It's National Cream Tea Day, and Devon and Cornwall are celebrating their own traditions. Is it jam on cream or cream on jam? It's a dispute that divides our region.
David Cameron got it wrong when visiting Devon earlier this year - he guessed jam first, and was quickly put right.
The Cream Tea Society believes it has settled the issue with these tips on correct cream tea etiquette... but what do you think?
- Loose-leaf is best. Brew loose leaves in a cup, but remember to serve a second pot of hot water – just in case you’ve over-brewed.
- If you don’t want to pour, don’t sit near the pot. The person nearest the pot should pour for everyone (if you’re clumsy, best make sure it’s not you).
- Make the perfect brew. Allow the tea to brew for at least three minutes before pouring – time enough for the full flavour to infuse.
- Tea before milk. Pour the tea first, followed by milk (so you can accurately judge the required strength) and then sugar.
- Spoons on saucers, please. Once you’ve stirred, place your spoon on your saucer (think of the table cloth).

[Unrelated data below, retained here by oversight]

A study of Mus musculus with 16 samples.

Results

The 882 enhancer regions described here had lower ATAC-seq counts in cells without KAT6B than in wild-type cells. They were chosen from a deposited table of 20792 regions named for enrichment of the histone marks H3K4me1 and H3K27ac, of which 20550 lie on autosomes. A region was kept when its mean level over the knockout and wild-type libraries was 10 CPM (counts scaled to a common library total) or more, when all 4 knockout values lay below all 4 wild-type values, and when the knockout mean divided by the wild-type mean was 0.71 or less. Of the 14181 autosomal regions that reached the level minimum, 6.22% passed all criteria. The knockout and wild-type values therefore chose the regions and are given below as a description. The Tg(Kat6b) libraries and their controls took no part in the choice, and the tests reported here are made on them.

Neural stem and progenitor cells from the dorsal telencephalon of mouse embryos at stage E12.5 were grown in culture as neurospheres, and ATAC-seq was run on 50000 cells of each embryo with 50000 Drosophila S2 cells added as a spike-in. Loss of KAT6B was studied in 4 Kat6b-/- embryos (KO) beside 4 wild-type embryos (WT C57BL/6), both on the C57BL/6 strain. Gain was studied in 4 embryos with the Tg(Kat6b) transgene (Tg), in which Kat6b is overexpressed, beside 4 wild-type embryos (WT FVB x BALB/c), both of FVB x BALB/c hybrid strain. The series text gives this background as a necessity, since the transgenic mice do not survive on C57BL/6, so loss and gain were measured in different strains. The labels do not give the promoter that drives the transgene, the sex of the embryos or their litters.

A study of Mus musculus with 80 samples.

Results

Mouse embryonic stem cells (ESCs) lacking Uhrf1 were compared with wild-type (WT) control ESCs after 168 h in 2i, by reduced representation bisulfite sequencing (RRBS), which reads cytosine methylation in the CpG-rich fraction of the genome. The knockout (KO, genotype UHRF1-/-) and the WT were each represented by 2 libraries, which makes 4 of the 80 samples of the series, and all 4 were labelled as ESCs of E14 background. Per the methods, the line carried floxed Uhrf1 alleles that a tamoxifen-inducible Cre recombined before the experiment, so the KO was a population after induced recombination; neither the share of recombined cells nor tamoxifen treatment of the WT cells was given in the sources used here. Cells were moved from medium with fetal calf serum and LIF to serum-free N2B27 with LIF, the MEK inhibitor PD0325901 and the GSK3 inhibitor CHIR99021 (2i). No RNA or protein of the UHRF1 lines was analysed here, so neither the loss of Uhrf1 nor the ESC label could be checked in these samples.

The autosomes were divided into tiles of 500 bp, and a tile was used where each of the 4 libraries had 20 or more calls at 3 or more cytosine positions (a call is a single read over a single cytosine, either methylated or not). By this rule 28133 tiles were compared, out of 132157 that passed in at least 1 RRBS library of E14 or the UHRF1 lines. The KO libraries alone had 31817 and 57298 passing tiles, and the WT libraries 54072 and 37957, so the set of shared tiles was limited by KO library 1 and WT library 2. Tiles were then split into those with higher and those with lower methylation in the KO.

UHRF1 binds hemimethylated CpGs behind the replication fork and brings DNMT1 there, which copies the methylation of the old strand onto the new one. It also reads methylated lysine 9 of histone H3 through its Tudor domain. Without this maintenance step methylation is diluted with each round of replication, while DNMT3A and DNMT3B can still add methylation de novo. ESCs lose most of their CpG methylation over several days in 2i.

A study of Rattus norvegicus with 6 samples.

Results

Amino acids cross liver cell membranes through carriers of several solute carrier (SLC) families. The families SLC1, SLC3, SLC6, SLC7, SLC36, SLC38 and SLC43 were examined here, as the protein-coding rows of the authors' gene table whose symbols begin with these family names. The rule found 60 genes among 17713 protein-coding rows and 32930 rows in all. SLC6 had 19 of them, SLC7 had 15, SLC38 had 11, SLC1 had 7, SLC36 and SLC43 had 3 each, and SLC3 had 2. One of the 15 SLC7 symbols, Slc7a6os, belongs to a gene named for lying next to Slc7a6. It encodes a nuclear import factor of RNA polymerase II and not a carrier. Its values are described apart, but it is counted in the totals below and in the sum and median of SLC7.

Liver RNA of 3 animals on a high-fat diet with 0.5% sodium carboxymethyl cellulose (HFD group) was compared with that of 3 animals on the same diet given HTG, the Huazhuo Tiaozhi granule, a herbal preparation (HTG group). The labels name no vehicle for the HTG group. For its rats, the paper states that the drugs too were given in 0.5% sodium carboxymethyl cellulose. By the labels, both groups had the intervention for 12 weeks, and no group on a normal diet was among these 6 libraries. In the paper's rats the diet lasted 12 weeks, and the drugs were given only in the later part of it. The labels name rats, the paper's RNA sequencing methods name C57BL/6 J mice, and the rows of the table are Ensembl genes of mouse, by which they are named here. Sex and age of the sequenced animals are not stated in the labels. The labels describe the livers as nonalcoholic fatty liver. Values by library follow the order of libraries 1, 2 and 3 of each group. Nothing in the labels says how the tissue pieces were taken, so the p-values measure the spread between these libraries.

- No outstretched pinkies! Always hold the cup between your thumb and forefinger. Contrary to popular opinion, sticking your little finger out does not a lady/gentleman make.
- No knives needed. The perfect scone should break apart with a simple twist. Just make sure you’ve got your saucer to catch the crumbs.
- Spoon then spread. If the table is laden with bowls of jam and cream, spoon your desired amount onto your plate first, before spreading them thick on your scone.
- Jam before cream. While there’s much debate around which goes first (a dispute dividing Cornwall and Devon), etiquette gurus DeBretts say you should spread your jam before dolloping cream on top.
- A final word. Never use whipped cream. It’s utterly improper.